Visualization vs. Imagination

December 5, 2006

I was recently planning a project and realized that I had been visualizing various steps that needed to be taken and how I would do this. I had a specific image in my mind of the project and how each choice I made would move the project farther along.

I realized today that this might have been what Geoff was referring to in his comment (Role of Imagination, 11/14/06 ) when he questioned if it were possible have a rational imaginative process. I think what I was doing fits this description. Each stage followed the previous in proper developmental sequence, based on prior knowledge of similar tasks. Each step was visualized as a test to see, and therefore anticipate, what problem might arise. And choices were made to move the task along to the next step and to solve problems. This process, though using the imagination, is almost entirely a rational one.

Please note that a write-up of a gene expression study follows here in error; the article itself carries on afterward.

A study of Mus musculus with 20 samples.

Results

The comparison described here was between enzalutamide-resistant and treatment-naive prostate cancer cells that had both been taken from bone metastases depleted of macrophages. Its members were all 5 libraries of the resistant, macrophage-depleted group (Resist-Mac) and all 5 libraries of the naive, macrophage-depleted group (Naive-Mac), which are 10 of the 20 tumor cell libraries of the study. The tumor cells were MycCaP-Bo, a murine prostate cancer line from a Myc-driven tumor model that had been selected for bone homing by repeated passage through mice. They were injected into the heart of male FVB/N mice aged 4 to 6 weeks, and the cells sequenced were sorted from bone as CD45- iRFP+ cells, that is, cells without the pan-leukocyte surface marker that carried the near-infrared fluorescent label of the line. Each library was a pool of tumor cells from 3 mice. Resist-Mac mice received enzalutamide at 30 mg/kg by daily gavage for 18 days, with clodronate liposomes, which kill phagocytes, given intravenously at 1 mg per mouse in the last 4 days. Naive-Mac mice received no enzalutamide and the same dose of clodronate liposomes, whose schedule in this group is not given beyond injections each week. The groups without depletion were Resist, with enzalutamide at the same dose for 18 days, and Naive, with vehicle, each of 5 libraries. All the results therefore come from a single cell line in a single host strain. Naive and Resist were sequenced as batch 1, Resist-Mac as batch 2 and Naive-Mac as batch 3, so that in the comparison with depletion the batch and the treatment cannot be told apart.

For this to move beyond a rational process one approach could have been that I might have asked for a guide to arise in my imagination with whom I could interact in dialogue and who could show me what I need to know about the issue at hand or allowed the images I was visualizing to take on a life of their own to guide me. This would have moved the process to the mythic domain where all objects can be experienced as alive, aware, and often interactive. This is what I refer to when I discuss the use of the imagination in learning, growing, and healing.

Using visualization to remember the route to a destination, to remind yourself where you left your keys, or to work through multiple or complex steps of a task versus dynamic interaction with objects that arise from your unconscious are two different sorts of the use of imagery.